Cokato resident responds to help victims of recent tornado
By Kristen Miller
COKATO, MN Oftentimes in the aftermath of a natural disaster, lending an ear can be just as important as lending a hand.
That’s what Heidi Smith of Cokato realized when she responded with the American Red Cross three days after a tornado struck Wadena June 17.
Less than a month earlier, Smith attended a Foundations of Mental Health training course through the American Red Cross, Central Minnesota Chapter, based out of St. Cloud.
She originally heard about the course from the Howard Lake-Waverly-Winsted school nurse, where Smith is a student services school social worker at the middle school.
First, Smith went to an informational meeting where she became aware of the need for mental health workers in recovery following natural disasters.
Then, she took a full day of training, making her a Disaster Mental Health responder through the Red Cross.
The course is to prepare licensed mental health professional to provide for and respond to the psychological needs of people across the continuum of disaster preparedness, response, and recovery, according to the Red Cross course description.
There are many different ways people respond to stress, Smith explained, whether they have been affected directly or indirectly.
“Many times, it’s listening to people share their story to help them begin their healing process,” Smith said.
As of June 22, the Red Cross figures showed there were 842 homes damaged because of the disaster; 113 of them were damaged and deemed inhabitable, and 170 were in need of extensive repair.
As a mental health first responder, Smith listens to victims of natural disasters such as this, to find out if there is something the Red Cross can do for them and their family to relieve some of their immediate stress.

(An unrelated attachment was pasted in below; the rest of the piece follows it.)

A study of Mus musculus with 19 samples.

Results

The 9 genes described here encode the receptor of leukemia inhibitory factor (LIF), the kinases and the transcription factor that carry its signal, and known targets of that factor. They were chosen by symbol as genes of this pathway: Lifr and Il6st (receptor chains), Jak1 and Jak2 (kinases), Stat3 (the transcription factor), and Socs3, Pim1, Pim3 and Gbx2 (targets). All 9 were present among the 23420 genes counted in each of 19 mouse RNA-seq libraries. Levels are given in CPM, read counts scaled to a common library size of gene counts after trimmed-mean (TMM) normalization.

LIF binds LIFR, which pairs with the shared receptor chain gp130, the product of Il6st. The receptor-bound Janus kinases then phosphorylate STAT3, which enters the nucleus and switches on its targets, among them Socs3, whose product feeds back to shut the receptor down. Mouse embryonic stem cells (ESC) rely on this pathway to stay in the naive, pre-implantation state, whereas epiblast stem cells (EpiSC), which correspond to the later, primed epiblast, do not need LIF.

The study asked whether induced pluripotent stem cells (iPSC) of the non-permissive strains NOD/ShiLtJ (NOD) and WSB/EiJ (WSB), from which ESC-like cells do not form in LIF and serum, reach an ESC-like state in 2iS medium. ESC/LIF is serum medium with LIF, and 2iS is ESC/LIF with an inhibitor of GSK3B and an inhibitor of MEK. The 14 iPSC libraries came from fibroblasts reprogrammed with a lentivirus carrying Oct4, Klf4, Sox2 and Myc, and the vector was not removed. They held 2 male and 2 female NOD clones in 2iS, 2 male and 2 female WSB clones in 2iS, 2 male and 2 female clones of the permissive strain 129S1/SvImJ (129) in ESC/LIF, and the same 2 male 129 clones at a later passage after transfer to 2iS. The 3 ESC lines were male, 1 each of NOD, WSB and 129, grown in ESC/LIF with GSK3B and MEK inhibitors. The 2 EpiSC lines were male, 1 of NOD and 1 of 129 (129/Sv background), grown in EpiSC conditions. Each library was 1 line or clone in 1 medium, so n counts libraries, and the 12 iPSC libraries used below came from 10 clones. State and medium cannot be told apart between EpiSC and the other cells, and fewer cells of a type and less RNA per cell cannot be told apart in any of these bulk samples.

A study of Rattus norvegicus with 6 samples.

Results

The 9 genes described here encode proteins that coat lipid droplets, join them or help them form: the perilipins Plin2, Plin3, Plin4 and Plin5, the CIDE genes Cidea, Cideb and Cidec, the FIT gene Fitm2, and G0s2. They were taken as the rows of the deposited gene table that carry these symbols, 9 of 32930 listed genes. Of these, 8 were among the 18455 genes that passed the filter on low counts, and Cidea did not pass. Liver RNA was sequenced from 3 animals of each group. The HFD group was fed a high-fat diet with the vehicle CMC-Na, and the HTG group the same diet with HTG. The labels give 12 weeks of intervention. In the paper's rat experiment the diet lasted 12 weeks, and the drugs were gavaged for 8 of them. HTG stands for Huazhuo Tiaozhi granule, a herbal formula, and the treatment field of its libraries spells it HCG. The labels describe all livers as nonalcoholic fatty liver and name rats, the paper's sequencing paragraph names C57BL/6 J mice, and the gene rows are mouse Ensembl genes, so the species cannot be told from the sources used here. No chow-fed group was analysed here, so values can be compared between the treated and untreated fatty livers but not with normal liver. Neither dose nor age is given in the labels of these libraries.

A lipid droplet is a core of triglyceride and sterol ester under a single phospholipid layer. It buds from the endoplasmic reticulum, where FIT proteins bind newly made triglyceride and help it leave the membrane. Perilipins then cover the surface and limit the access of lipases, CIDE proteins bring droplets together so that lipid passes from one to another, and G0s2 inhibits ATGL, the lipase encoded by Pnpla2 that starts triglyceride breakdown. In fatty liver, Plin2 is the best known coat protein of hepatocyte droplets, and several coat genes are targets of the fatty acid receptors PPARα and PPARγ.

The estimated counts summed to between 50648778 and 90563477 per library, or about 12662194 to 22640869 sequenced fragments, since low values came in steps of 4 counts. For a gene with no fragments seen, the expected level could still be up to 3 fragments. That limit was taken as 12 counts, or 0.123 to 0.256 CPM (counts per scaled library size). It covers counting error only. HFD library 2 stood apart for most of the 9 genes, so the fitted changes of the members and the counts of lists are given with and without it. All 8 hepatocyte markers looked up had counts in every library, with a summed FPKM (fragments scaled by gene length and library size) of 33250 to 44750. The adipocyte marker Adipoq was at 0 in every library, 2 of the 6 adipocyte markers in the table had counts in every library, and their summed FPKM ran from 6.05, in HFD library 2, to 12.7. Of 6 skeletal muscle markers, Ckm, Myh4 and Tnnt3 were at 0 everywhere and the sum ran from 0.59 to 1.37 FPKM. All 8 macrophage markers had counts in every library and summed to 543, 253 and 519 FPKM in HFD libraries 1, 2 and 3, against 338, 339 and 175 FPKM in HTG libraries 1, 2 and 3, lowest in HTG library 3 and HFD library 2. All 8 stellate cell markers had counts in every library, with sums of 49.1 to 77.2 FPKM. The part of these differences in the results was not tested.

For example, Smith told the story of one woman whose cell phone was destroyed in the tornado. The woman has called the cellular company’s customer service line and requested a replacement phone.
Because she had no insurance on the phone, they rudely told her there was nothing the company could do.
“We were just furious about that,” Smith said. “She lost her home and when they couldn’t make that kind of an adjustment, it was frustrating.”
As a responder with the Red Cross, Smith went straight to the cell phone provider herself and asked if there was anything more they could do.
The sales representative, who had also lost his apartment in the storm, called the corporate offices requesting the company help out these tornado victims.
The woman was able to get a used phone with her numbers transferred to it, as did others who lost their phone in the storm.
“There were a lot of opportunities [to help] like that to take something off their list,” Smith said.
She also found herself just lending an ear and listening to victims and their family members.
She was really able to connect with the teachers and staff at Wadena-Deer Creek High School, which was totaled from the F4 tornado, according to Minnesota Public Radio.
The staff was told they could retrieve two personal items from their rooms, Smith explained.
“That was hard for me,” Smith said, wondering what two personal items she would retrieve from her office.
As a school social worker, Smith knows that students, as well as staff, have made the school their home-away-from-home.
“For some kids, there is a lot of stress of being at home,” Smith said. “The school is their safe place, and that’s now gone.”
Smith saw a lot of destruction in those four days she spent working for the Red Cross.
“It looked like a war zone on some of the blocks you went down,” Smith said.
Some of the damage she saw included windows in cars blown out by pressure, uprooted trees, a cemetery with stones destroyed, dishes left untouched while an adjacent wall was ripped off, and school buses upside down.
She also saw a lot of resilience in the victims and was touched by one home whose residents had spray-painted praise to God for keeping their family safe during the storm. The roof had been ripped off of the house in the tornado.
Smith was also impressed by a comment she heard, “The tornado was an act of nature, but what you see here with all these people helping us, is an act of God.”
Along with that, Smith also heard about a lot of close calls.
In many situations, she heard about people who had just headed to the basement before the tornado struck their home.
“That is where you need to go,” Smith advised. “It’s the safest place to be.”
Smith is proud to be a part of the American Red Cross response team and gives praise to the organization for how efficient and diligent the organization works in a disaster.
She was also impressed by her fellow volunteers, who were ready to help whenever called.
As a mother of two, Smith was also grateful to her husband, Darrell. Without his support, she could not have volunteered her time to help others, she said.
Smith encourages others to donate either time or financial support to the American Red Cross Central Minnesota Chapter by calling (320) 251-7641.